Biodegradation in water: screening tests


Available data include inherent biodegradation tests (Zahn-Wellens test, OECD302B) and a ready biodegradability test according to the DOC Die-Away test (OECD301A). The latter study is considered reliable (Klimisch 1) and is used as key study for this endpoint. All information together justifies the conclusion that the substance is ultimately and inherently biodegradable, not fulfilling specific criteria.
The results of the BASF study (OECD 301A) indicates that NNMO is not readily biodegradable. The results of the Zahn-Wellens tests (OECD302B) with unadapted and adapted sludge reported by Meister and Wechsler (1998) indicate that NMMO is inherently biodegradable, not fulfilling specific criteria, but that adaptation of the sludge is required for efficient breakdown. Additional experiments indicated that the substance is ultimately biodegradable and no persistent breakdown products are formed. This study is considered reliable (Klimisch 2) and is used as key study for this endpoint.

Key value for chemical safety assessment

Biodegradation in water:
inherently biodegradable, not fulfilling specific criteria

Additional information

The reliable key study determined the ready biodegradability of NMMO in a DOC Die-away test according to OECD 301A guidelines and in the presence of activated sewage sludge with 30 mg/L suspended solids. The test period was 28 days; after 28 days on average < 10% biodegradation was observed. The results show that the substance is not readily biodegradable.

Significant biodegradation however was observed in an OECD 302B test (BASF AG 2001) (ultimate biodegradability of 90 -100%) concluding that the substance is inherently biodegradable.

Meister and Wechsler (1998) thoroughly investigated the biodegradation of NMMO, NMM and morpholine using a variety of experiments, including guideline studies (OECD302B, Zahn-Wellens test for inherent biodegradation), lab-scale and pilot-scale experiments. This study was considered reliable (Klimisch 2). A first Zahn-Wellens test with unadapted sludge from a WWTP with high load and only short-living sludge organisms (sludge age 2-3 days) indicated < 20% degradation (based on COD) in 28 days. However, a second Zahn-Wellens test with adapted sludge from a WWTP with both short- and long-living sludge organisms (sludge age >= 14 days) indicated > 90% degradation (based on test material analysis) within 21 days. Based on this study NMMO can be considered inherently biodegradable without fulfilling specific criteria. The other experiments (lab-scale, pilot-scale) indicated that NMMO is ultimately biodegradable, and adaptation of the sludge speeds up the degradation. For successful adaptation a high sludge age is recommended, indicating that slowly-reproducing (long-living) sludge organisms are more efficient degraders of the substance. The degradation takes place in several steps. First, NMMO is reduced to NMM. The next step (rate-limiting) is the demethylation of NMMO to morpholine. This step is followed by much faster ring cleavage and further degradation.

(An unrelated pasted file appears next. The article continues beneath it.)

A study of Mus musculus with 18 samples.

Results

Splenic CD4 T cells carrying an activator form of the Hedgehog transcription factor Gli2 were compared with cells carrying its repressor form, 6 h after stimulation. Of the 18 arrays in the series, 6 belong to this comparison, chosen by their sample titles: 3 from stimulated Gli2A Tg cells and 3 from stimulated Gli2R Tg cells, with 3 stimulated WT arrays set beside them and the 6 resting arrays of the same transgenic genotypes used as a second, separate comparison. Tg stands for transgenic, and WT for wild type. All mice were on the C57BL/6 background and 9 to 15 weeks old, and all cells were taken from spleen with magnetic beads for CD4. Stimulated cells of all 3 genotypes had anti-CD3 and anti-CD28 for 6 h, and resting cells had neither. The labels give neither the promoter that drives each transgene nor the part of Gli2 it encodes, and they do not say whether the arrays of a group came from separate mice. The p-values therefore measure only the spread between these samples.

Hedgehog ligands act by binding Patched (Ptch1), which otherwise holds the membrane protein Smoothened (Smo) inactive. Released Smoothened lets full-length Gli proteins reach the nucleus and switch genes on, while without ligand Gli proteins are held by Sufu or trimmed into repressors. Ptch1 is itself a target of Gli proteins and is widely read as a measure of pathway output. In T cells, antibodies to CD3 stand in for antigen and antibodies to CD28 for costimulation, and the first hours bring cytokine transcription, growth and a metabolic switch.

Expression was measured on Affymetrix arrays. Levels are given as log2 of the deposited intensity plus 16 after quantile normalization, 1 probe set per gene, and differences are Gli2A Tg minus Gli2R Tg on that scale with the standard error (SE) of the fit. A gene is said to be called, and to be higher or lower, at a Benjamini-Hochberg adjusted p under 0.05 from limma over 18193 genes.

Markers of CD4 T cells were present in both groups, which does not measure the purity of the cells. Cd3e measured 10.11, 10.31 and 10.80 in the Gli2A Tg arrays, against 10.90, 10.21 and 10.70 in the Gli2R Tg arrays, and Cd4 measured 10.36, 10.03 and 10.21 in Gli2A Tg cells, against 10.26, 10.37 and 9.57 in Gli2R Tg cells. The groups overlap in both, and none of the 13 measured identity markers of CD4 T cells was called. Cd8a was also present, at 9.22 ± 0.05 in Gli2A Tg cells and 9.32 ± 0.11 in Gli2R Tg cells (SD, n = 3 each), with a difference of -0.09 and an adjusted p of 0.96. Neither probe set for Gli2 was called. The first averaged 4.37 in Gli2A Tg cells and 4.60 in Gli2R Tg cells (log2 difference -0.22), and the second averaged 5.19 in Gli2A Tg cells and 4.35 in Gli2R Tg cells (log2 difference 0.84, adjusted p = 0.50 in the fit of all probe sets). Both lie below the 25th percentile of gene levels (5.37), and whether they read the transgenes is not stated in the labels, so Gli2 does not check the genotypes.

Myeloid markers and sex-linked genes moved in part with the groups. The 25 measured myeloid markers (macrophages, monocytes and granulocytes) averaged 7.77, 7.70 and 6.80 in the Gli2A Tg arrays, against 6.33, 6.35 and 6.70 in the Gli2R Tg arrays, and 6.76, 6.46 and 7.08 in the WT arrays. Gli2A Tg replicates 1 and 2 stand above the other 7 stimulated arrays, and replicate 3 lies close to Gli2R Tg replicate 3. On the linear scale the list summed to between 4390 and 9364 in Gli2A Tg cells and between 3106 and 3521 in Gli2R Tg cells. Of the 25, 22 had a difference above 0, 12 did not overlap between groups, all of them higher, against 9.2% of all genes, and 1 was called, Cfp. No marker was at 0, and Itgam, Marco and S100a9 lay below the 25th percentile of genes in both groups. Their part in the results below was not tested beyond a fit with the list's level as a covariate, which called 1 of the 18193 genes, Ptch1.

Additionally, these authors investigated degradation of NMMO under anaerobic conditions. Hereto two yeast species (Saccharomyces carlbergensis and Saccharomyces cerevisiae) were exposed to the substance during 14 days. Mainly Saccharomyces carlbergensis significantly degraded NMMO to NMM (complete degradation to NMM), indicating that the substance is also biodegradable under anaerobic conditions. However, no further breakdown of NMM occurred in these experiments and no further experimentation was undertaken.